RETAIL TALES

MILAN — American retailers are standing up to be counted — some of them, anyway. As the Milan fashion collections draw to a close, more buyers have stepped forward to announce their presence at the shows and in showrooms. “We owe it to our staff and we owe it to our clients,” said Dominic Marcheschi, co-owner of Blake, a 3,000-square-foot shop in Chicago that carries such brands as Marni, Miu Miu, Viktor & Rolf and Balenciaga. “We just felt it was really important to keep it rolling.”
As reported, Bloomingdale’s, Janet Brown, Maxfield and Savannah have been the most visible American retail presences, since most major stores cancelled their trips in the wake of the Sept. 11 attacks on the U.S. Other North American retailers on a buying mission this week include Louis Boston, Weather Vane from Santa Monica, Calif., Toronto-based Holt Renfrew and Henri Bendel.
“I’m very pleased I came. Obviously, there’s a very strong press attendance, as well,” Bendel’s fashion director Anna Garner said as she took her seat at the Missoni show on Tuesday afternoon. “I went to London, and we’re covering Milan in the usual way.”
But with American retail presence dramatically lower than usual, that fact remains a chief conversation at the shows. “I think we all regret their absence,” said Yves Carcelle, president of LVMH Moet Hennessy Louis Vuitton’s fashion and leather goods division.
“Normally we have 60 appointments — this time, we had about 10 in total,” said Michelle Stein, vice president of sales and marketing for Aeffe USA. “All we have are the specialty stores.” Like other designer firms, Aeffe plans to get the balance of its orders in New York, with Stein stressing the importance of carrying European collections next season. Why? Hearing reports from specialty stores in the U.S., Stein said Americans who routinely travel to Europe for designer shopping each season to take advantage of a strong American dollar have canceled their trips and are apt to spend those dollars at home instead.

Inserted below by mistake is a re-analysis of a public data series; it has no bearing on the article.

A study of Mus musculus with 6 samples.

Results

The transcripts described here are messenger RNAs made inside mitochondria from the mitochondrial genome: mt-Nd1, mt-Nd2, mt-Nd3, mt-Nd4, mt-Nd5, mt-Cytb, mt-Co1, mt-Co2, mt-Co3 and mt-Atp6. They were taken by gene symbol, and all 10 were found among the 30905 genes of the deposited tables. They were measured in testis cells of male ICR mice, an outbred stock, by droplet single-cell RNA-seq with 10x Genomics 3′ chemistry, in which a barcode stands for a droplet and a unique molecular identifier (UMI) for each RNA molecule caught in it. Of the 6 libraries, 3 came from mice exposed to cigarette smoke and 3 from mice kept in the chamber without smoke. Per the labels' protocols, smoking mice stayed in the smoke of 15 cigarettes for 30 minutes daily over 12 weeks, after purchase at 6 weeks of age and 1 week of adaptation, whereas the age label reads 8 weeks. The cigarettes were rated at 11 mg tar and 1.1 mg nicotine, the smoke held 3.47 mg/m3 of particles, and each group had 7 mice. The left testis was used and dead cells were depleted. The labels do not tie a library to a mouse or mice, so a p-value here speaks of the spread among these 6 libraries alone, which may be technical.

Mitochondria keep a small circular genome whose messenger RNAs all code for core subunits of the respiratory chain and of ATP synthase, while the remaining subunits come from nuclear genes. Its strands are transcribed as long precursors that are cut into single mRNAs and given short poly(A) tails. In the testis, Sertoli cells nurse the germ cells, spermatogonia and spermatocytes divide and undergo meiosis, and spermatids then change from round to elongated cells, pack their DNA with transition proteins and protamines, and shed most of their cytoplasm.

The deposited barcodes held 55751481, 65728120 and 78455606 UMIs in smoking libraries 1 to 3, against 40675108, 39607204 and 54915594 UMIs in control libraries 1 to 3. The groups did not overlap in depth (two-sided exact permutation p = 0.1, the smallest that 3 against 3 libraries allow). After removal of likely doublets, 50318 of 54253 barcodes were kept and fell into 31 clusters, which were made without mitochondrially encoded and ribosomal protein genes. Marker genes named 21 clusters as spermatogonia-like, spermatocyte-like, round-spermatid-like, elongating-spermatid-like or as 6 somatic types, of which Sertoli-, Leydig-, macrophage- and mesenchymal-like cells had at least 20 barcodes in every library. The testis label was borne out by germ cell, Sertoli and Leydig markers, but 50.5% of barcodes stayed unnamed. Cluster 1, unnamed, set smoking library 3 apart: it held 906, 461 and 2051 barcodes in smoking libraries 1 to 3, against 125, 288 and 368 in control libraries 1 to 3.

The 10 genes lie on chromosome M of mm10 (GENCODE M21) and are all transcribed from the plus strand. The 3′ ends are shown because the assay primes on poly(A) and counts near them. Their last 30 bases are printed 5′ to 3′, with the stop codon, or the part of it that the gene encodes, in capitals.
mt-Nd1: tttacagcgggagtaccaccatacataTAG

Meanwhile, a spot check of American buyers on Tuesday suggested that most who stayed home haven’t changed their minds about traveling to Europe and will skip Paris in favor of edited presentations in New York. Despite some complaints from designers that retailers weren’t showing up for the shows in Europe, executives from stores such as Nordstrom, Bergdorf Goodman, Neiman Marcus and Saks Fifth Avenue said they weren’t changing their minds about not attending the spring collections in Europe, and were very satisfied by efforts European designers are making to accommodate U.S. retailers by showing their collections in New York showrooms.
“Everybody needs to go forward, stop the nitpicking, and let’s all work together,” said Ron Frasch, chairman and chief executive officer of Bergdorf Goodman, which he said is sticking to its plan not to travel to the shows.
“Our game plan is the same as we decided on Sept. 16,” said Sue Patneaude, vice president of designer apparel for Nordstrom. She did say that Nordstrom will be coming to New York the week of Oct. 21 to cover the market. “Vendors have been exceptionally supportive,” she added.